Sunday, July 23, 2017

Slumber Party Massacre

Well, here's to waiting and waiting. I first heard about Slumber Party Massacre in the early '80s, possibly when Rita Mae Brown made an appearance on Late Night with David Letterman. As I recall, when the film came out, she disassociated herself from it. But, it appears all of these statements are bones of contention because when the film appeared on the NFT 3 screen on Friday, there was her credit as screenwriter. It really boggles the mind. Rita Mae Brown of Rubyfruit Jungle and Lavender Menace fame writing a screenplay for a slasher film? But, it appears she had ideas about refreshing the genre, making it feminist. And on this viewing, possibly making it queer, as well.

But, the finished film, reworked by director Amy Holden Jones, is far from those heady heights. It is a scream, in every sense. Viewing it with S., we both laughed, gasped and issued those well-known exultations of the horror genre. Something on the order of "Uh-oh" or "Oh, No!!" or "Ack!" many, many times. The film works brilliantly as both a send-up and an exemplar of slasher cinema: teenaged girls trapped in a house by a maniac try to survive and then fight back. Brown may well have had plans for sporty Trish and new girl Valerie, but the finished work leaves their relationship dangling, as both lie panting next to the bloody pool that contains their nemesis the Driller Killer. Ah, well.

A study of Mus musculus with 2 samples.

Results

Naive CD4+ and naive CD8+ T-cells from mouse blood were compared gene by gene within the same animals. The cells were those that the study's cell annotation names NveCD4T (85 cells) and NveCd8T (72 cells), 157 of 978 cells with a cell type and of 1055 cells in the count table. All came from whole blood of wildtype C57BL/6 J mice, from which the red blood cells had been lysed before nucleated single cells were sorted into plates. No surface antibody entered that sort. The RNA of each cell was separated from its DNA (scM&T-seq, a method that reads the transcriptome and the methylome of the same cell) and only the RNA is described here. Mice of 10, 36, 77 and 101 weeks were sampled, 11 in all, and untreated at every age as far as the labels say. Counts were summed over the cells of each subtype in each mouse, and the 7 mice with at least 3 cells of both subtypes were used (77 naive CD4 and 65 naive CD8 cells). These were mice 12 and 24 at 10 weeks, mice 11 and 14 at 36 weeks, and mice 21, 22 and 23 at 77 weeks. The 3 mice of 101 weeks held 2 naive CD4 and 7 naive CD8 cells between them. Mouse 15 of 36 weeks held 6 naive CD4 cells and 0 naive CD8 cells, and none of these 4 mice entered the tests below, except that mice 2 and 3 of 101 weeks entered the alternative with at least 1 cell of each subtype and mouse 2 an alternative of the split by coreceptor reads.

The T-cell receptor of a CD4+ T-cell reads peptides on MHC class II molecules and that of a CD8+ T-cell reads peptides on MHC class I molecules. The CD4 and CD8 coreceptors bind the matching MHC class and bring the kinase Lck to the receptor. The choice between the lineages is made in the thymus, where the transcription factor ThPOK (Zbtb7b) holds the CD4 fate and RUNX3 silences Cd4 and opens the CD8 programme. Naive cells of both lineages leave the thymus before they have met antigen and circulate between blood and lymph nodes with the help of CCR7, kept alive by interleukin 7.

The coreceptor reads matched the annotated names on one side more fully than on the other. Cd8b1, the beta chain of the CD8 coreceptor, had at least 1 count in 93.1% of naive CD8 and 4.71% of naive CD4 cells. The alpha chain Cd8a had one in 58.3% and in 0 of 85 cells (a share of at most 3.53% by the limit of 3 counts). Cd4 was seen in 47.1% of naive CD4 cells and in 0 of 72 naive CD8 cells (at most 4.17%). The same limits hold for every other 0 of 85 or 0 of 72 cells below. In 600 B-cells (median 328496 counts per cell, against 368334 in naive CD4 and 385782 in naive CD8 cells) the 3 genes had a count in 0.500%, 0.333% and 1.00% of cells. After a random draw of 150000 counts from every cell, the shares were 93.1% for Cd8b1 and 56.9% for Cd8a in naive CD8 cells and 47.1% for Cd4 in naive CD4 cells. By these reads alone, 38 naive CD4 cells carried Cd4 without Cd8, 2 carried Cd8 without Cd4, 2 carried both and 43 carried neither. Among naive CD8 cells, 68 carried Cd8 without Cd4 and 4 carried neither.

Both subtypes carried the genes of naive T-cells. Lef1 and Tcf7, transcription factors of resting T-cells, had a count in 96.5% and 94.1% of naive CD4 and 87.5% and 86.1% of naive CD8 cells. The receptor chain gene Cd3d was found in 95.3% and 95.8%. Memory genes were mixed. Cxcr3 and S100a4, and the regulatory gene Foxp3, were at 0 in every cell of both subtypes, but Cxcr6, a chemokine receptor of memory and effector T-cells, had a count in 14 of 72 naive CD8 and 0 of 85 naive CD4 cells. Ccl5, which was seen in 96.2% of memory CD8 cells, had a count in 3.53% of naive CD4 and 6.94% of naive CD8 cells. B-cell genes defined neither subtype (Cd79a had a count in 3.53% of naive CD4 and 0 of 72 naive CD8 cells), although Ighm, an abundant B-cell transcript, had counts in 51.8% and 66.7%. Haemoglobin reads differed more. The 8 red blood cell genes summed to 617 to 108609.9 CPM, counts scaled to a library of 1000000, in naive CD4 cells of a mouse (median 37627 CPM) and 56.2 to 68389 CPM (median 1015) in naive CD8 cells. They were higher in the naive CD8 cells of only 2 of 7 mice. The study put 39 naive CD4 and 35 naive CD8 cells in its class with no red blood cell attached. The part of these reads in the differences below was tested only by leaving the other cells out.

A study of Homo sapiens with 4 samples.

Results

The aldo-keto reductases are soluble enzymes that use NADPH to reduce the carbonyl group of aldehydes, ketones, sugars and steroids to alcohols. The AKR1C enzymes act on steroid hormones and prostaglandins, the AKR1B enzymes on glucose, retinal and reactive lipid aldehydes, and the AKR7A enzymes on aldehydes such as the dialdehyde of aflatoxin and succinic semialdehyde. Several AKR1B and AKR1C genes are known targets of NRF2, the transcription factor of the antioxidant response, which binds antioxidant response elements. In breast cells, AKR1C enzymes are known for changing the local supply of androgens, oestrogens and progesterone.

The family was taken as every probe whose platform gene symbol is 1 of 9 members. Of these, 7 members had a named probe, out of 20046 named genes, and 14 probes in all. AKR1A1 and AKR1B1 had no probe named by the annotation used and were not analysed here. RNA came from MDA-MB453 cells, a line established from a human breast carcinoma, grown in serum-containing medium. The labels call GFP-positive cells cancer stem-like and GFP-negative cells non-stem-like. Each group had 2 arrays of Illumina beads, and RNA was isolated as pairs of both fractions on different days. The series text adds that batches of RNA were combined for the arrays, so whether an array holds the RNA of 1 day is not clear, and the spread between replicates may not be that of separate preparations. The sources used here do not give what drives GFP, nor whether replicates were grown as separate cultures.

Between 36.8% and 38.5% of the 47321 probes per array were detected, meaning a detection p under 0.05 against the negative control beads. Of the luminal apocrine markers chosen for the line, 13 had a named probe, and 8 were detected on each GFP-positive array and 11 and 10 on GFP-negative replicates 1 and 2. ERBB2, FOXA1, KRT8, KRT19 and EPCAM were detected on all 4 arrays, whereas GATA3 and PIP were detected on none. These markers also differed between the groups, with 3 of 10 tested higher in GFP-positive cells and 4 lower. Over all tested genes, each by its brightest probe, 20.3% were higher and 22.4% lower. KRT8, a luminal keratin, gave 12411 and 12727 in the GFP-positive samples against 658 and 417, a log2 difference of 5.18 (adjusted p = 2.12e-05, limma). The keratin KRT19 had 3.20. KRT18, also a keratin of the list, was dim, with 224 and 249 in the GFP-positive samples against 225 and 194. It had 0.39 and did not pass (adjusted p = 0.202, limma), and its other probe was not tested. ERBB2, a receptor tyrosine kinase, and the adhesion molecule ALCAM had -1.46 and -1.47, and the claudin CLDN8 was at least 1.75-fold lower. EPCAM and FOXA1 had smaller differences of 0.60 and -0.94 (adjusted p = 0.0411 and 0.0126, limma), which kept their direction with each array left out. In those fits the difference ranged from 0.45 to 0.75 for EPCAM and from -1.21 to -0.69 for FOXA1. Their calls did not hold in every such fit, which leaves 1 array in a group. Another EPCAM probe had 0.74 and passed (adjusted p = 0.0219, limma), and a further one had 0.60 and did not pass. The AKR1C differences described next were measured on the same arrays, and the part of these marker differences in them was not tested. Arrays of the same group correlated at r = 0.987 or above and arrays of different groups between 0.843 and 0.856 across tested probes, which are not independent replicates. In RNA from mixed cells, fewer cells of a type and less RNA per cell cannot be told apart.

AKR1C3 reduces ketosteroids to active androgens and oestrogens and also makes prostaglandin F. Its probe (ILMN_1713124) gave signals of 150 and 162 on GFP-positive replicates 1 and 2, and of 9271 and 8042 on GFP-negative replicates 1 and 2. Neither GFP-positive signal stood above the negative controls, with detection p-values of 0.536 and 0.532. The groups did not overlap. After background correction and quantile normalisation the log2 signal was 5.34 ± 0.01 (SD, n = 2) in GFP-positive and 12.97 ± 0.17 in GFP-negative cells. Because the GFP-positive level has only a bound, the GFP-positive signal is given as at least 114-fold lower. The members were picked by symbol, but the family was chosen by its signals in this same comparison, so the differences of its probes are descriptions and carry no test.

The film and one of its sequels, Slumber Party Massacre II, were screened courtesy of The Final Girls, a group linking horror and feminism, which I heartily endorse. Their conversation between films touched on such topics as the nudity in the film (a requirement of producer Roger Corman), the relationships between the characters, and their means of fightback, which included a baseball bat, a drill and a large machete. I popped out for some air, so missed the end of the chat.

And then it was back for the sequel, making its UK premiere. It is truly batshit cray-cray. The original killer is now a leather clad, black-booted facial-haired singing and dancing rock god driller killer, something on the order of a hillbilly George Michael. What's more, he's touting a guitar-shaped drill, which in no way highlights the whole phallic symbol thing going on in these films. Oh, No. It was all fun and games until the last shot, which kind of undermined the whole film and left us all going, "Oh, really?" Nevermind. The girls had a band in this film! And they practised in a garage!

The backstory of these films is really fascinating and the way they have sort of crept into the mainstream via much better known films such as Scream and Scary Movie is pretty much par for the course. Female-written and -directed horror films have never got the credit they deserve. SPM is worth making an effort for. And whatever happened to Rita Mae's screenwriting career?